Semantic Days 2012, Stavanger

Bechtel update on PCA/Fiatech iRing project. TopQuadrant migrates EQHub to AllegroGraph triple store. Fluid Operations on Statoil’s ‘Optique’ big data project. Milan Polytechnic and the Large Knowledge Collider ‘LarKC’ and streaming RDF for complex event processing.

The Semantic Days conference, held in Stavanger, Norway earlier this month continues as a flagship event for the industrial use of the World Wide Web consortium’s ‘semantic’ technology. Semantic technology, notably the resource data framework (RDF) was conceived a decade ago as a way of ‘exposing’ machine readable data in web pages and other resources in an application-neutral way. Subsequently, the technology has failed to live up to its initial promise.

So how are semantics faring in oil and gas—and in Norway in particular? The flagship POSC/Caesar Association’s (PCA) ISO 15926 data standard has embedded semantic technology in part (its ‘canonical’ version is in the legacy Express data modeling language) and has been embraced by the US Fiatech standards body as a vehicle for data exchange around capital projects such as oil and gas offshore production platforms and FPSOs. Bechtel’s Darius Kanga provided a status update on the PCA/Fiatech iRING project—a semantic framework that interoperates with multiple engineering source data formats. iRing has support from Bentley, CH2M Hill, Emerson, Hatch, Worley Parsons, Bechtel and others.

David Price (TopQuadrant) presented recent developments around the EPIM Reporting Hub (ERH), a consolidation of production and drilling data reporting for Norway’s oil and gas industry. ERH has leveraged ‘ontologies’ (lists of accepted terminology) derived from the regulator’s NPD Fact Pages and the PCA upstream ontology. Under the hood these are stored in an RDF triple store, AllegroGraph from Franz, Inc. The database is expected to grow to 300 million triples over the next 4 years.

But neither the data providers nor the recipients are as yet tooled-up for semantic delivery or consumption. Incoming data is in XML from a variety of legacy formats. Delivery is in more XML and PDFs generated from the triple store using the Sparql Inference Notation (Spin). Price sees the NPD Facts as a candidate for ‘linked data,’ an open data sharing initiative that is being promoted by W3C guru Tim Berners-Lee. For the moment, data is delivered over the very ‘closed’ Norwegian SOIL network.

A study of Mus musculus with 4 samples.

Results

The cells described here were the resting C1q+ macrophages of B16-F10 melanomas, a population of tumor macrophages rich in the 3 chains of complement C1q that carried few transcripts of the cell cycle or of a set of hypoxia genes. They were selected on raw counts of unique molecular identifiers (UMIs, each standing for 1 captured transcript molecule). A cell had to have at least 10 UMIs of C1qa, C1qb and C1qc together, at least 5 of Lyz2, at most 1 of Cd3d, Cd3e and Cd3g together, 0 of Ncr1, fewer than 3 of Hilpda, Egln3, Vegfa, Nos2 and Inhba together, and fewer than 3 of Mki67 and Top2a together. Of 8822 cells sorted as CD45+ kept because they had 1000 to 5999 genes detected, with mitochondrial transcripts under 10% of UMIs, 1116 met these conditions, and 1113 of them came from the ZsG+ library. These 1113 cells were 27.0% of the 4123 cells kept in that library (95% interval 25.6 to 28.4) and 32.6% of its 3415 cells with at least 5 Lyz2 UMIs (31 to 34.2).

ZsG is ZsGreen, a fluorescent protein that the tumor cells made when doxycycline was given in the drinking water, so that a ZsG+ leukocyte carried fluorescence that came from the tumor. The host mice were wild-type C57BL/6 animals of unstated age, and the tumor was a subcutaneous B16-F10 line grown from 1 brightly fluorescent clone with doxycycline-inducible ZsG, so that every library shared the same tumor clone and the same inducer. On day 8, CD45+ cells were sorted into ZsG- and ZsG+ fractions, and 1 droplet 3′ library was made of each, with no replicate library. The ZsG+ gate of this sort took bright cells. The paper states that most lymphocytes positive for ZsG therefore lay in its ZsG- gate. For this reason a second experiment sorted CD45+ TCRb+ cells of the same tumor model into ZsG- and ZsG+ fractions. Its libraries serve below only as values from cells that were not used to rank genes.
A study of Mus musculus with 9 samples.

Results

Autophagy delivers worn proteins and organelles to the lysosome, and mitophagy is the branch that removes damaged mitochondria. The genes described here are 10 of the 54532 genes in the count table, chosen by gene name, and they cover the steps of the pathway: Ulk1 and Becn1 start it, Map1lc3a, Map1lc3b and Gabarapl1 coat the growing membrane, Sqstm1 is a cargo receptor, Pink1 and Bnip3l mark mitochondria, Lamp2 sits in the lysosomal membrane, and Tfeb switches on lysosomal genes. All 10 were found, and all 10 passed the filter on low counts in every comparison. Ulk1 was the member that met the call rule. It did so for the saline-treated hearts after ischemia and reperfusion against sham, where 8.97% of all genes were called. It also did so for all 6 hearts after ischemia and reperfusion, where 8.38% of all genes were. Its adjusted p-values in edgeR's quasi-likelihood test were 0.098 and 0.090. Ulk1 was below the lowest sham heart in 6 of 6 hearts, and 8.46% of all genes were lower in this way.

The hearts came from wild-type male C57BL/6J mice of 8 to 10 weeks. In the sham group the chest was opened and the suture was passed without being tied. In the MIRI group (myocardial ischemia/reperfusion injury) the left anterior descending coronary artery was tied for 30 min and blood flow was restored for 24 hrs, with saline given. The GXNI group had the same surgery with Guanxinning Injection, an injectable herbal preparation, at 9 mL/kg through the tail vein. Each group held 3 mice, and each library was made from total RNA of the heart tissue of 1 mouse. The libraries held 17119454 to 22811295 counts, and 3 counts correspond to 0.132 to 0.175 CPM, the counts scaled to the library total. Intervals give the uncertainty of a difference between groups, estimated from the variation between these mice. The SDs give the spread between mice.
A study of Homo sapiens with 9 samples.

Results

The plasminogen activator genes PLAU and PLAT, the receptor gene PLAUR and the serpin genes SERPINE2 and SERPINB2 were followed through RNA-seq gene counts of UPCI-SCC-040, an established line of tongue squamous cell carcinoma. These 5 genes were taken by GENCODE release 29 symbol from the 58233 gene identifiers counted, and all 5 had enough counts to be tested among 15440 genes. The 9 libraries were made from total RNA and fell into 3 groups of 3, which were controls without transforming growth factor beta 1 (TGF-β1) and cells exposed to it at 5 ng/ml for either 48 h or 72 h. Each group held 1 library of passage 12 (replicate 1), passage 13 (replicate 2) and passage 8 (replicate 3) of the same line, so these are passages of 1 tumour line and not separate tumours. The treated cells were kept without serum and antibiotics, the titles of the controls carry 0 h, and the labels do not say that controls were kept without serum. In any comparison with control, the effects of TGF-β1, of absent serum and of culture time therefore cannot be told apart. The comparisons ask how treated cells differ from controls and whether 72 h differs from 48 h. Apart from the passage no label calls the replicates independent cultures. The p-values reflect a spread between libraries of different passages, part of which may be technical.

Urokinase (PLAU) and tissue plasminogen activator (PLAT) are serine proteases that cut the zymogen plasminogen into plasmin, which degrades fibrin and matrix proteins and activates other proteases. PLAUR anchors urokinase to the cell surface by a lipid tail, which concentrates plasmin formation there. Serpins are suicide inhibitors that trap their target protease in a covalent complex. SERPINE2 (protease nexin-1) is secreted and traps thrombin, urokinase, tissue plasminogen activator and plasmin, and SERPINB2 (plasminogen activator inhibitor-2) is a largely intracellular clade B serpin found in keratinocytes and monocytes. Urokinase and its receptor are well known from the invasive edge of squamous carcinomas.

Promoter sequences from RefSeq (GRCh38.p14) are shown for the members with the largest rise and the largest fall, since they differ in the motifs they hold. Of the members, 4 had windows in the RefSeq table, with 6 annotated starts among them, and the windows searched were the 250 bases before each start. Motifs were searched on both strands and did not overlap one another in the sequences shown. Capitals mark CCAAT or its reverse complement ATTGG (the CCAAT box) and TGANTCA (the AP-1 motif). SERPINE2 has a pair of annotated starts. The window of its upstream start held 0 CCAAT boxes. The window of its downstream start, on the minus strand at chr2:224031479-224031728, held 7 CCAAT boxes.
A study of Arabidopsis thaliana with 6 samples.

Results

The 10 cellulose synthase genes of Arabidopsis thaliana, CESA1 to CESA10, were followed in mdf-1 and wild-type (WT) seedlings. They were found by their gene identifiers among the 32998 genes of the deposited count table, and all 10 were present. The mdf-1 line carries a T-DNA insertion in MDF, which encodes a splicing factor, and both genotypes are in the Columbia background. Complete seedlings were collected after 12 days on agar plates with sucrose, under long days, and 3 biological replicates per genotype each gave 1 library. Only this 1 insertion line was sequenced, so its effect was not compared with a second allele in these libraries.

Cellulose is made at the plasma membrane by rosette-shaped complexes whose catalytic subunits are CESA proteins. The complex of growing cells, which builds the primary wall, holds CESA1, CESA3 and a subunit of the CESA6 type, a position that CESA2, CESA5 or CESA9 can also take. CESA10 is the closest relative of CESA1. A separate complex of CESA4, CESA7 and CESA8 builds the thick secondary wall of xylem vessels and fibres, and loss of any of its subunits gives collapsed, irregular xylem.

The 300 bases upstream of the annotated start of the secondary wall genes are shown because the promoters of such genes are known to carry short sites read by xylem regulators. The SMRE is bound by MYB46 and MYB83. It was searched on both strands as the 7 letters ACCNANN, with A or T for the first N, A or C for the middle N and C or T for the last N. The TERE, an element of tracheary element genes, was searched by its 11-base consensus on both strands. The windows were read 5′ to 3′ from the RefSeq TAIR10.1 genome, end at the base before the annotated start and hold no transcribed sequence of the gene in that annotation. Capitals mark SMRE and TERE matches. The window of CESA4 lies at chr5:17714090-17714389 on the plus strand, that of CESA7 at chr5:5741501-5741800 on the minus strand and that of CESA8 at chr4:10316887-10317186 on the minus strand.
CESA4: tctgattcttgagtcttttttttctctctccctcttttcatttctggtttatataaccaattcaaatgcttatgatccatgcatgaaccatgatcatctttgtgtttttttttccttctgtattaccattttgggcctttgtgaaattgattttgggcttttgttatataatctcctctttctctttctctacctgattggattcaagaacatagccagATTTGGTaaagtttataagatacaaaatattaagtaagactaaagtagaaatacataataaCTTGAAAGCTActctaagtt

Peter Haase’s company, Fluid Operations, has been working with Statoil on scalable end user access to ‘big data’ defined as ‘data sets so large that they are awkward to work with database management tools.’ Production and exploration data falls into this category—with petabytes of relational data described with diverse schema and spread over multiple individual data bases. For Statoil’s 900 expert users, this can mean up to four days to develop and run a new data access query—requiring help from IT.

The ‘Optique’ project is investigating the use of ‘linked, open data’ as a solution to such issues. Using the RDF data model and Sparql for querying, data that is scattered across information silos can be linked into a ‘web of data ontologies.’ Optique components include real time stream processing and scalable query with ‘elastic clouds.’

Emanuele Della Valle of the Milan Polytechnic observed that RDF was not really designed for stream processing. Valle is involved in the EU-backed Large Knowledge Collider, LarKC and is advocating a paradigm shift from ‘one time’ semantics to transient data that is to be consumed on the fly and leveraged in ‘stream reasoning.’ Here, data streams are unbounded sequences of time-varying data elements such as weather observations or oil and gas production data. Valle is working on ‘RDF Streams’ and SPARQL extensions for querying these. Applications overlap with current stream/complex event processing solutions. A streaming linked data framework is being prototyped. Here sensor networks provide data as ‘pairs’ where each pair is made of an RDF triple and a timestamp—i.e. they are neither ‘pairs’ nor ‘triples!’ More from Streamreasoning.

Other contributions of note include Siemens’ Mikhail Roshchin on reasoning with real time data and Kongsberg’s Kaare Finbak (and others) on Statoil’s Integrated environmental monitoring project. These and other presentations are available from the Semantic Days website.